Considering that the last large volcanic eruption at Yellowstone took place over 2 million years ago, we assume it safe to bet you wouldn’t recall the ramifications from that event. Let us fill you in. Believe it or not, researches found ashes from the explosion throughout tens of thousands of kilometers, tracing as far as Canada and even the Gulf of Mexico. There have only been a total of 3 massive eruptions from Yellowstone throughout time including this one, another 1.3 million years ago and the most recent at 664,000 years ago. So why the big fuss in the press lately? Well, of course anything is possible but there is no indication that a large event like this will happen anytime soon, within this lifetime or even ever again.
But some buzz has been buzzing due to a trending article in Geophysicists that was published back in 2014 about what a mass eruption could possibly look like based off of a computer supermodel of a Yellowstone super eruption. This model spread ash from the eruption over 330 kilometers into the sky which resulted in a dusting of this volcanic ash over the ENTIRE United States. Different areas of the country suffered different levels of effect, leaving some areas of Montana buried in 70 inches of ash while some other highly populated areas like Washington, D.C. and New York City were only covered in minimal dusting, less than ¼ inch deep. These approximates are based on various factors but can’t predict some of the main factors that would actually make a mass impact on different cities such as the direction and speed of wind during an eruption and days to follow. But according to this model, other states like Colorado and Montana could also suffer feet of ash, glass and debris, wreaking havoc on crops, animals, housing, and tons of different electrically powered equipment.
Despite these threats, we can all calm down and rest assured that even the researchers involved in this model report that the likelihood of this happening at this magnitude is extremely low and there are no concerns of it happening anytime soon if so. More likely are smaller and more frequent eruptions with far less ramifications. So why is it that people are so fascinated with Yellowstone? Well, sitting below the national park is a massive reservoir of hot magma. This runs around 5 miles deep and gets resourced by a huge reservoir that holds molten rock hundreds of miles deep. The ground above rises and falls based on the rising of the magma and the chamber cooling which HAS caused the magma chamber to erupt in the past, although the typical eruption is much, much smaller than the predicted model. The potential for mass disruption and catastrophic effects has had people honing in on Yellowstone for years. The magnitude of a super eruption threat is high, while the possibility is very low. The super eruptions are massive compared to even the largest explosions that we have ever seen, and have the ability to bury entire states.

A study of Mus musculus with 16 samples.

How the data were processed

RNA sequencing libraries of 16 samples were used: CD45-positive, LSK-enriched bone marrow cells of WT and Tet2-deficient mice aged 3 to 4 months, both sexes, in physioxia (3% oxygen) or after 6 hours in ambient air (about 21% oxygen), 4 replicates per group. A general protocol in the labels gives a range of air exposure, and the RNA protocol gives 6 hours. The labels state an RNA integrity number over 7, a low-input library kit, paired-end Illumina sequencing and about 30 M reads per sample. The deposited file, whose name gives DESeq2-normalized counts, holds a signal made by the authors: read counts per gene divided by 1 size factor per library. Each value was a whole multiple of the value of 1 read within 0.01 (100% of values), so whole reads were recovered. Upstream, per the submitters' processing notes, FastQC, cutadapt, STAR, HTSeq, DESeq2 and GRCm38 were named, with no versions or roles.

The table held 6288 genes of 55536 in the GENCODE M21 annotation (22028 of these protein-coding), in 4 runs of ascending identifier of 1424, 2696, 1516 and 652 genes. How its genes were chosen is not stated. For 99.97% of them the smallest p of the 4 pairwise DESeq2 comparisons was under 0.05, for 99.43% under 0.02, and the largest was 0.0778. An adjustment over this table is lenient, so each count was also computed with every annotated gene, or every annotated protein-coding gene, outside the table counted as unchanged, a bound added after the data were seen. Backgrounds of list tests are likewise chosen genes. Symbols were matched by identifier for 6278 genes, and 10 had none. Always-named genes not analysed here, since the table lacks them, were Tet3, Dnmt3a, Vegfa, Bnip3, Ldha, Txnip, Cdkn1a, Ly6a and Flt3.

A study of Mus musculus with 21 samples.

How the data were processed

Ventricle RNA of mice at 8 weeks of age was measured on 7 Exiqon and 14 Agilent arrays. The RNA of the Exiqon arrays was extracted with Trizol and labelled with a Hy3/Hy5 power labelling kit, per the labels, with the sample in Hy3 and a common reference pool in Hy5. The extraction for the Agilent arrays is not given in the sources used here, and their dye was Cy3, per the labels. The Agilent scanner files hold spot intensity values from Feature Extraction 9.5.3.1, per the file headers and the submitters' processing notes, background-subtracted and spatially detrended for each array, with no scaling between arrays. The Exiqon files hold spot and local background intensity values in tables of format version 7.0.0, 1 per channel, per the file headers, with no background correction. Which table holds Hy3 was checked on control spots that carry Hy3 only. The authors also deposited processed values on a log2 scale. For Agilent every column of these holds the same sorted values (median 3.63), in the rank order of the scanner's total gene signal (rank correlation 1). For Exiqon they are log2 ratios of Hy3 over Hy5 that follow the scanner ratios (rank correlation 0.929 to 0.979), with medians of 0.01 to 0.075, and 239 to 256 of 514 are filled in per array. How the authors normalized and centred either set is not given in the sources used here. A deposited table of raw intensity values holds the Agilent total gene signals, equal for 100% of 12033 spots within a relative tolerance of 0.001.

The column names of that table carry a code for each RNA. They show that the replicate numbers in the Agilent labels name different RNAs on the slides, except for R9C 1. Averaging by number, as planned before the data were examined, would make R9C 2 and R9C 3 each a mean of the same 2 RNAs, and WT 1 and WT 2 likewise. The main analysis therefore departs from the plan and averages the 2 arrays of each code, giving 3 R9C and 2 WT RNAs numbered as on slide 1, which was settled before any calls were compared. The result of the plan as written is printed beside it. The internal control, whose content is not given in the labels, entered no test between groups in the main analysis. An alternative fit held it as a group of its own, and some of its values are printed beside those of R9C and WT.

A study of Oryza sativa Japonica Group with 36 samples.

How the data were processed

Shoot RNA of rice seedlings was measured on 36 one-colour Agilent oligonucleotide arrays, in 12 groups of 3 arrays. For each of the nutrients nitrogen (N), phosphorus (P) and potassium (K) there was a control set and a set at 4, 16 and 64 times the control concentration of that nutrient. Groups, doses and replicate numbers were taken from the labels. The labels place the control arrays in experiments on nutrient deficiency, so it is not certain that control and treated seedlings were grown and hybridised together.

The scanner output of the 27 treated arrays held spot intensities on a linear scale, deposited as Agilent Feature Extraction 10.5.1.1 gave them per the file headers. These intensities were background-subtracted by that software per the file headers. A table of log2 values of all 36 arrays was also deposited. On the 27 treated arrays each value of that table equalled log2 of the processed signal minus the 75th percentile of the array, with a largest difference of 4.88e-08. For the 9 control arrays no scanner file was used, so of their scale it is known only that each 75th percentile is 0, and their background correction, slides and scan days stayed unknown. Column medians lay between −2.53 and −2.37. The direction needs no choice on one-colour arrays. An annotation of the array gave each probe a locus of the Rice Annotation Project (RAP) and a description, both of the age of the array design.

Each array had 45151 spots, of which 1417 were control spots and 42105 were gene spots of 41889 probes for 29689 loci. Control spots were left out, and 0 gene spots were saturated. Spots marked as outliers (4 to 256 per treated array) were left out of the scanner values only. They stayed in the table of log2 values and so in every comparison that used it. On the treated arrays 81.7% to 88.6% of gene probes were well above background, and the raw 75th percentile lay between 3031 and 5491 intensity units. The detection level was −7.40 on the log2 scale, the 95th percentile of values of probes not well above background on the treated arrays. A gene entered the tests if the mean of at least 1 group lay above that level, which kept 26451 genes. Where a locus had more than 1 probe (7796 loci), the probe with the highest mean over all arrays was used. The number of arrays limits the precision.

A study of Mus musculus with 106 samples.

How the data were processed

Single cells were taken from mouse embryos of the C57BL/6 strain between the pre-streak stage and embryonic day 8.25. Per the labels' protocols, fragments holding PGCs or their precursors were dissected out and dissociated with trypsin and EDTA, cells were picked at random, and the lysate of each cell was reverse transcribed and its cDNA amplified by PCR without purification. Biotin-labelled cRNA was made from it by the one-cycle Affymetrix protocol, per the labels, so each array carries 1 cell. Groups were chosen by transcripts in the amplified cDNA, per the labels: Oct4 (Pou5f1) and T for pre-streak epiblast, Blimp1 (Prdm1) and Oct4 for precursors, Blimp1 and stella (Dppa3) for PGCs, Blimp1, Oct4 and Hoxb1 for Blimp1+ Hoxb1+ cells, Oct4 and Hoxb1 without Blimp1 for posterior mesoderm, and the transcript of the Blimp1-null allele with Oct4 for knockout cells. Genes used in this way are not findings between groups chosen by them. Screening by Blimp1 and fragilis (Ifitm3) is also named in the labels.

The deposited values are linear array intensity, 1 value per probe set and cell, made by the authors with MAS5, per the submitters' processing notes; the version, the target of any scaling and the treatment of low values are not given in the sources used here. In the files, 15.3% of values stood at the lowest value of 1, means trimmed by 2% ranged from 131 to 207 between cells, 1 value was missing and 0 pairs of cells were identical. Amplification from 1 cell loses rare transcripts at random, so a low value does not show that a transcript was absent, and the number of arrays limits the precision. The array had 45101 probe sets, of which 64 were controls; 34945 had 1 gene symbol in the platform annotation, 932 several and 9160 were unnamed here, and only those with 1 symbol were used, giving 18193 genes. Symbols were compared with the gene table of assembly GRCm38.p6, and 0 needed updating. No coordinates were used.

If we haven’t said it enough already, the possibility of this type of eruption is insanely low but for the fun of it, let’s walk through what a super-eruption would look like if it were to occur. Typically speaking, it could take weeks or even months for the earthquake activity to break up the rocks that would make room for the eruption. Lava would spew out but likely only about ⅓ of it would actually spew out of the volcano. Even at that, the vast majority of lava would stay within the state park. The bigger issue altogether would be from the ash. Ash is a combination of broken up rock and glass. This would certainly be the largest cause for concern as it would eject miles and miles into the air and make its descent all across the nation, leaving some states much more vulnerable than others. Again, the season and current weather patterns during the explosion could make a massive difference in how things actually pan out but our midwest could be left in a pretty dramatic state of soot, enough to bury some areas in several feet of ash.
To the uneducated eye, a couple inches or even feet of ash may not seem very concerning. A little clean up and good as new, right? Well, not exactly. This amount of ash can have cause mass devastation to crops and animals. More concerning than that, the ash would certainly be problematic for respiratory health, causing health issues all over and shutting down air travel due to unsafe conditions. The ash could short out power transformers, block roadways and sewer lines. The secondary effects from this could result in poor and unsanitary living conditions creating even more concerning health issues. The economy would certainly be impacted by the devastation and there would be halted ability to resume typical economical patterns. On top of all of that, climate could certainly be impacted. How? Well, these types of volcanic eruptions emit sulfur aerosols that in turn reflect sunlight back into the atmosphere. The end result, a cooler climate. Although this is a temporary issue, it is drastic and has a domino effect on many things.
Again, research indicates that the chances are almost none to see this type of super eruption in Yellowstone. In fact, as sad as it may be to negate the fascination, there might never be a big eruption in Yellowstone again. However, this does not stop some from following, watching and researching the possibilities. As we know, no amount of research can predict the exact promises of mother nature.